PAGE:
Wednesday, June 15, 2016

Little Polish Baby Jesus

Although I like to think my spirituality as always been Catholic, my background is still rooted in Protestantism. I don’t always understand nuances of cultural Catholicism. One reminder of this appears in almost every church I go to—sometimes in the nave or a back corner, sometimes right night to the Mary statue in the front. A tiny, odd reminder that I’m missing out on something.

I call him Little Polish Baby Jesus.

The statue’s real name (which I always have to look up) is the Infant Jesus of Prague. I don’t know how Prague turned to Poland in my mind, but this statue is thought to originally come from Spain around 1340. Statues of Infant Jesus dressed in fancy regalia were popular all over Europe in the Middle Ages. The phrase “infant Jesus” actually refers to any depiction of him before the age of 12 (Jewish adulthood). Infant Jesus statues grew popular among European nobility in the 1300s. He was often depicted carrying a globus cruciger symbolizing dominion or a bird symbolizing the Holy Spirit. Because this style was popular with nobles, they tended to dress up their statues in fancy regalia as a way to honor Christ and show his reign over the earth (as well as the devotees’ wealth and reign over their kingdoms).

In the 1550s, a Spanish noblewoman, María Manriquez de Lara y Mendoza, married a Czech nobleman and brought this particular statue with her to Bohemia. Some claim that the woman’s mother, Dona Isabella, received it as a gift directly from St. Teresa of Avila. Princess Polyxena von Lobkowicz gave the statue to the Discalced Carmelite friars in 1628.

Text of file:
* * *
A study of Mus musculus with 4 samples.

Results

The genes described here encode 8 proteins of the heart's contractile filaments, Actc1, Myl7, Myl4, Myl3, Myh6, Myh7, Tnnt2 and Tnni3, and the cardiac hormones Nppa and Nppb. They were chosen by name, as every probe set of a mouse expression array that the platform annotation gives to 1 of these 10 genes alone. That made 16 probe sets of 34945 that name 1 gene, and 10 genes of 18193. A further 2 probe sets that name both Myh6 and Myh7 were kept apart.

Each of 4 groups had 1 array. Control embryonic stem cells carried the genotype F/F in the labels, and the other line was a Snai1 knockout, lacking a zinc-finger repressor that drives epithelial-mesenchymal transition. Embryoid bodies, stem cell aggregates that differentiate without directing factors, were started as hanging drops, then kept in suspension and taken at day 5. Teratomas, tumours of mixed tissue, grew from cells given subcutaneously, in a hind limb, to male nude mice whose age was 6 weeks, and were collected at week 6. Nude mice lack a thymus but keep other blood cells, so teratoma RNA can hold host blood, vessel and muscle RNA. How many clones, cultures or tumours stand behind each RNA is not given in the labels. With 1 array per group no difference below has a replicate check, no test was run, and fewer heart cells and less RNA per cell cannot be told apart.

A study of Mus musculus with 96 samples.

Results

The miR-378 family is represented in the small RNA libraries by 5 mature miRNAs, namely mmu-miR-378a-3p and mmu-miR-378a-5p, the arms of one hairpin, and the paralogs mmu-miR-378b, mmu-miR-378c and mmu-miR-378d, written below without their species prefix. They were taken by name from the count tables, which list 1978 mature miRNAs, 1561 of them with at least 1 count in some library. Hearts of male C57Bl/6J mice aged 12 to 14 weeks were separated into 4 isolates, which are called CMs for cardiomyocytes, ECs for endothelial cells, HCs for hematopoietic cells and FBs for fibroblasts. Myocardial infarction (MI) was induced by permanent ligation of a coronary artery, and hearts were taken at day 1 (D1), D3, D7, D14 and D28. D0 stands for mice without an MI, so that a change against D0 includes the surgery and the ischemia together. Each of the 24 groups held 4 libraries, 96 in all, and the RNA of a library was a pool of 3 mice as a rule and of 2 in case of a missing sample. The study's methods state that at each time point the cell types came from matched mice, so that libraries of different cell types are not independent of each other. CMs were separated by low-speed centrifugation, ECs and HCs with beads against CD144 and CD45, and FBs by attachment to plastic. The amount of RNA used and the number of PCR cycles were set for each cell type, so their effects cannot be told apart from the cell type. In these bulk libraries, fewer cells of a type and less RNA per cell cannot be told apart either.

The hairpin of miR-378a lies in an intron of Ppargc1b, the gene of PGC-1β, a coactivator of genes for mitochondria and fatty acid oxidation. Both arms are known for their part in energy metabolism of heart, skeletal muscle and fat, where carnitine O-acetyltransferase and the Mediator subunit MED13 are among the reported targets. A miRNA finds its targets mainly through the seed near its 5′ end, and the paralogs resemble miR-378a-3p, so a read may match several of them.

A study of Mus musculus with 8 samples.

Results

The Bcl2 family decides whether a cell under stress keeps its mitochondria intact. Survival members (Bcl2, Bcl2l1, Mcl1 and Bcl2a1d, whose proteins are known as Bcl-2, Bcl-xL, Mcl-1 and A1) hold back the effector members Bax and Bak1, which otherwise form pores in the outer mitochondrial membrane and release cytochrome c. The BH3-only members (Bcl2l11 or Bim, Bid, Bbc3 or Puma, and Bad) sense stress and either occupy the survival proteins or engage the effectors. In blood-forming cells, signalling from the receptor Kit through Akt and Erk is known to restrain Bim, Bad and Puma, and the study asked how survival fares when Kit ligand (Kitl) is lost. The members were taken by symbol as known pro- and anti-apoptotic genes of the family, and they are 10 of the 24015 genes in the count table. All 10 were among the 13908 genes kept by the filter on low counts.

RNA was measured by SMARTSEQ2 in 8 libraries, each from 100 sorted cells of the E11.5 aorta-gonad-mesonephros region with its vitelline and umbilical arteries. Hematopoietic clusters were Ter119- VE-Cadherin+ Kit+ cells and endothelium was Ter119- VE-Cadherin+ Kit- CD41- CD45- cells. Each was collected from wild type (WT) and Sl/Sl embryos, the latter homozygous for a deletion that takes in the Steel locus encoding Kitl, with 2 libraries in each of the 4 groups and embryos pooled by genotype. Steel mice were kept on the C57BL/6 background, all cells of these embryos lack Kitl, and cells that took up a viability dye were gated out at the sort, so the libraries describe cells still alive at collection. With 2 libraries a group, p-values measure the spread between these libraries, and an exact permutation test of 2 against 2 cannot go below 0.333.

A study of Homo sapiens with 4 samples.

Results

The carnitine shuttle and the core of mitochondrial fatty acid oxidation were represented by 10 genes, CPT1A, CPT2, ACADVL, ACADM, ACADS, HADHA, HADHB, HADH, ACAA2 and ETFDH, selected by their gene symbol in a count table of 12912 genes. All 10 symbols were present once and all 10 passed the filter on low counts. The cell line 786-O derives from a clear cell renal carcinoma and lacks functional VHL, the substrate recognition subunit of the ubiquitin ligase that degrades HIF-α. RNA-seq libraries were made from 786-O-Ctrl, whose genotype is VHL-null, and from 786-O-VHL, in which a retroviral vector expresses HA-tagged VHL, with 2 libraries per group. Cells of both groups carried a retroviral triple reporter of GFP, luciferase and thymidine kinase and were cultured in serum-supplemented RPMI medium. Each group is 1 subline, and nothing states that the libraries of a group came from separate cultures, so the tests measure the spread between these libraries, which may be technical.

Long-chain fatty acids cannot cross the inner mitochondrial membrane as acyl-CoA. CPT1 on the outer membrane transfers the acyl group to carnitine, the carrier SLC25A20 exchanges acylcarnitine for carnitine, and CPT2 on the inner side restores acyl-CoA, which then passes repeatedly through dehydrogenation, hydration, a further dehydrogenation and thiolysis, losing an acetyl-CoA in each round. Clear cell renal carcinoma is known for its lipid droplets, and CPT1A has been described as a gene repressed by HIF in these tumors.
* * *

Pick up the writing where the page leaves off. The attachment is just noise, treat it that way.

The friars placed the statue in the oratory of their monastery and began special devotions to Jesus in front of it. Carmelites novices professed their vow of poverty in front of it. The Thirty Years War disrupted daily devotions there as the novitiate transferred to Munich. In 1631, the monastery was plundered and the statue was thrown in a rubbish pile behind the altar.

In 1637, a priest found the statue with its hands broken. He placed it back in the oratory and began praying. He claimed to have heard a voice say, “Have pity on me, and I will have pity on you. Give me my hands, and I will give you peace. The more you honor me, the more I will bless you.” Since then, the Infant Jesus statue has remained in view in Prague and draws lots of devotees. Nobles have donated elaborate vestments (changing with the liturgical calendar) of ermine, lace, silk, and gold embroidery as well as jeweled rings. Pope Benedict XVI donated a gold crown with eight shells of pearls and garnets in 2009. The annual Feast of the Infant of Prague celebrates when the Swedish army lifted its siege of the city in April 1639.

In the end, I just don’t get the popularity of the Infant Jesus of Prague in 2016 America. There aren’t that many Czech descendants around here, I imagine. I’m missing some cultural component that makes it click. I’ve never prayed to the Infant Jesus (although time being as it is, I understand the orthodoxy). This particular depiction just makes me think of a child playing dress-up, one that looks far too white and far too well-dressed to be Jesus.

The Little Polish Baby Jesus, who came from Spain, went to Prague, and defeated the Swedes, reminds me that sometimes, I’m just out of my cultural realm. And that’s ok. It’s not all about me. I don’t have to understand every revelation and love every devotion. Everyone, with their own personal and cultural baggage, has to work out their own path. We’re going to need different tools. He helps someone, hopefully, to draw closer to Christ—to reflect on Jesus’ humanity and innocence and divinity and dominion and blessings.